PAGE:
By Kathleen Wong
It was a big year for marijuana, which gained more and more momentum in its movement toward full legalization. Midway through the year, 23 states and Washington D.C. had marijuana legalized in some form. States like Hawaii, Delaware,Michigan and Vermont legalized weed for medicinal purposes. But it’s fully legal in Alaska, Colorado, Oregon and Washington.
With the presidential election nearing, 2016 will most likely be another significant time for marijuana. Below are the states most likely to join in legalizing recreational marijuana, according to Leafly.
As the first state to qualify for the 2016 ballot with almost 60,000 more signatures than needed, Nevada is well on its way to taking its legalization from just medicinal to fully recreational.
California has long legalized medical marijuana. Legislators never set the ground rules for regulation and that’s caused hesitancy for full legalization. But Gov. Jerry Brown recently signed in three new laws to help set up a proper structure that could pave the way for legalization, the Los Angeles Times reported.
Known for its well-run medical marijuana program, Maine has been slowly preparing itself for full-on legalization. In fact, some parts of Maine have already been legalizing, the Huffington Post reported.
Arizona legalized medical marijuana in 2010 and is aiming for recreational marijuana to be legalized by the summer of 2016, according to Azcentral.
Medical marijuana came to be in 2012 in Connecticut, and it’s been a slow build towards full legalization. Local police see it coming too and are getting ready for the law to pass, saying that medical marijuana has caused no problems so far, the Connecticut Post reported.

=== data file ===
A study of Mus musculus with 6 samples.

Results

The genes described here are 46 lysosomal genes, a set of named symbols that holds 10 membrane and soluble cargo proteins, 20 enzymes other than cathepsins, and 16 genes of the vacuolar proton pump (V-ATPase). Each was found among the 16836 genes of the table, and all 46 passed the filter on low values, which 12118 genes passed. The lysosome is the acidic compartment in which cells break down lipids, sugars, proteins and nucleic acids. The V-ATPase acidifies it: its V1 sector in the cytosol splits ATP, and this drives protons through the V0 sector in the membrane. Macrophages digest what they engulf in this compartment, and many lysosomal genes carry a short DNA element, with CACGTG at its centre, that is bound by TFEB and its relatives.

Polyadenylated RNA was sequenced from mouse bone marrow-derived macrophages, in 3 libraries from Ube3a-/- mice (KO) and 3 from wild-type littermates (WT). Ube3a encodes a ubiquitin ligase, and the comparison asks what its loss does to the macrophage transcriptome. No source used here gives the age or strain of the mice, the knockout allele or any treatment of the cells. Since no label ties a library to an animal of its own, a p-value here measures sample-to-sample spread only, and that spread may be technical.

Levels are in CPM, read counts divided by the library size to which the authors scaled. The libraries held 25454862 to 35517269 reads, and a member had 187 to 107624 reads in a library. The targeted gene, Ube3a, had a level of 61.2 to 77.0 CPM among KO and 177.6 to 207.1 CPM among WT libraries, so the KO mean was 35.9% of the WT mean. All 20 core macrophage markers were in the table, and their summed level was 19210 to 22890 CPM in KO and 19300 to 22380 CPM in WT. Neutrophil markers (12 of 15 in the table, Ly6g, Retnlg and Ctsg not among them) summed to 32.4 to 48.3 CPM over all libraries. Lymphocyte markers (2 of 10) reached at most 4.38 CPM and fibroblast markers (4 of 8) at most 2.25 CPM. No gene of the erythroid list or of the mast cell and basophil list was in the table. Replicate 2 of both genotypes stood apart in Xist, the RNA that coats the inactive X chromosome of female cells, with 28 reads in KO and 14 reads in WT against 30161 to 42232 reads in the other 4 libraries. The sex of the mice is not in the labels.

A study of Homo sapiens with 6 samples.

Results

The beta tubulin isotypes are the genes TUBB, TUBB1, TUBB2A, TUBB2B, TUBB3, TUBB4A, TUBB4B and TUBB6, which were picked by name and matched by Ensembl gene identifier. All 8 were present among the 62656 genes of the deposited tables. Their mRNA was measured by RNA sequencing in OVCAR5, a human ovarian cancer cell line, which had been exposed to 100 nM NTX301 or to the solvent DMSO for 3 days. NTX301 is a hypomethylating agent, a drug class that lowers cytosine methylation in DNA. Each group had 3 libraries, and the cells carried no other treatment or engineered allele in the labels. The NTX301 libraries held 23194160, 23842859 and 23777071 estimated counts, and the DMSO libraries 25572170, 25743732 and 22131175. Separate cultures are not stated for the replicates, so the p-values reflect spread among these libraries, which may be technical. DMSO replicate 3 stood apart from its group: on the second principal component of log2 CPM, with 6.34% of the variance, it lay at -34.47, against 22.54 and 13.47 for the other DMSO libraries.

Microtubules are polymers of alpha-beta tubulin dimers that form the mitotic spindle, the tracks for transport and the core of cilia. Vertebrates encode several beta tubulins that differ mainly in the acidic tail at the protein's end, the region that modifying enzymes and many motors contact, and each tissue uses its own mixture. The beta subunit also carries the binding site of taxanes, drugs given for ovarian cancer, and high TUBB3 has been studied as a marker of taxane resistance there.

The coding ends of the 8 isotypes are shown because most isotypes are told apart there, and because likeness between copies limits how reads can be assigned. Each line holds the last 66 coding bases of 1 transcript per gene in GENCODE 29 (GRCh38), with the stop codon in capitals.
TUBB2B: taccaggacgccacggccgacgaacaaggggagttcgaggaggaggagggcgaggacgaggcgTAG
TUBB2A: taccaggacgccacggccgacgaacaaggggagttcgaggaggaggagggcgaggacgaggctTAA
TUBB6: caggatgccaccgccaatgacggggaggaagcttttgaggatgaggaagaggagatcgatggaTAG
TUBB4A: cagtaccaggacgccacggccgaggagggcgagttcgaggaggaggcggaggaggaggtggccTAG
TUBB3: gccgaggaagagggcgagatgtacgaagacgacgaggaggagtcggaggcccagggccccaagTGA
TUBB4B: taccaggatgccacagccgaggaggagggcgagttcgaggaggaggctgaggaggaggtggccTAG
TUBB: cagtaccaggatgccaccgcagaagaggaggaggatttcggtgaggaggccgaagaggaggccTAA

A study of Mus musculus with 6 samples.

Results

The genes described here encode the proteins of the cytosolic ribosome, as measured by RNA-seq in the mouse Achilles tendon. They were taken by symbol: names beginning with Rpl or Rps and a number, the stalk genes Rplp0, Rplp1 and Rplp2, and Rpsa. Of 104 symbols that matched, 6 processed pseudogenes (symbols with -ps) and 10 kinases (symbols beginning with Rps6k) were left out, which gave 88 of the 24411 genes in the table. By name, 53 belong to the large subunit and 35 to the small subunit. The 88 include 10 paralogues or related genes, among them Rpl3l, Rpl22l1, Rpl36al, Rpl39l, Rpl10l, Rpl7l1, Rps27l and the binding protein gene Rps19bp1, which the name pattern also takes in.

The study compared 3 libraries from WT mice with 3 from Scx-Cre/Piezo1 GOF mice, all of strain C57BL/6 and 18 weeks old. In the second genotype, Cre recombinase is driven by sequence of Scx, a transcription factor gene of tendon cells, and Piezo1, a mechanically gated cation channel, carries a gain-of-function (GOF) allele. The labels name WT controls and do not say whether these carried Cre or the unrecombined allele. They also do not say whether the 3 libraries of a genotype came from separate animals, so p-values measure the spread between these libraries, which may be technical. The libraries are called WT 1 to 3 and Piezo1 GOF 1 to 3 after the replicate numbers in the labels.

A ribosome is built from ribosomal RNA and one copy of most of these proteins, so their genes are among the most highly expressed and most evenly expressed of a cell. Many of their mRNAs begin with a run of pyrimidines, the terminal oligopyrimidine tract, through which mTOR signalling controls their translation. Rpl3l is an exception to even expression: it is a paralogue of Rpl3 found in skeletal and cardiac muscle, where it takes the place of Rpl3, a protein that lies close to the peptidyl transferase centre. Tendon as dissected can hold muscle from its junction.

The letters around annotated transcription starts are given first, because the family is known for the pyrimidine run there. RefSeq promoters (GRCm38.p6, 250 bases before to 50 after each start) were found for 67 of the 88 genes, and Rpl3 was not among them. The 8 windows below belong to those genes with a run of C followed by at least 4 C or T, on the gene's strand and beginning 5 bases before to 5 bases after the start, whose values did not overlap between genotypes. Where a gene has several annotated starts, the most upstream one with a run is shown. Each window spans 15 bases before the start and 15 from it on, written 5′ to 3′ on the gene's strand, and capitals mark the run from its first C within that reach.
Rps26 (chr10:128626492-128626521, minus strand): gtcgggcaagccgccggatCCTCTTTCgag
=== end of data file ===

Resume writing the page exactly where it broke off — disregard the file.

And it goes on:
Medical marijuana was legalized in Michigan in 2008, but the state is still passing laws to build the best running system. Groups are petitioning for the state to fully legalize marijuana next year, theInternational Business Times reported.
Ohio is in a heated debate over the legalization of marijuana due to lack of funding, according to Cleveland.com. Polls show the same tight race, with 53% of voters supporting legalization and 44% opposing, according to an October Quinnipiac University poll, reported by Cleveland.com.
A recreational marijuana bill introduced to Rhode Island lawmakers back in January will be the topic of debate next year. Lawmakers pushing the bill say it will eliminate the underground market and generate tax income. An October poll by the Marijuana Policy Project found 57% of Rhode Island residents would rather have marijuana regulated than banned.
Gov. Peter Schulman said he’s been tracking Colorado’s success with legal marijuana, according to Leafly. He’s organized meetings discussing the logistics of legalization, which means it could be in the near future.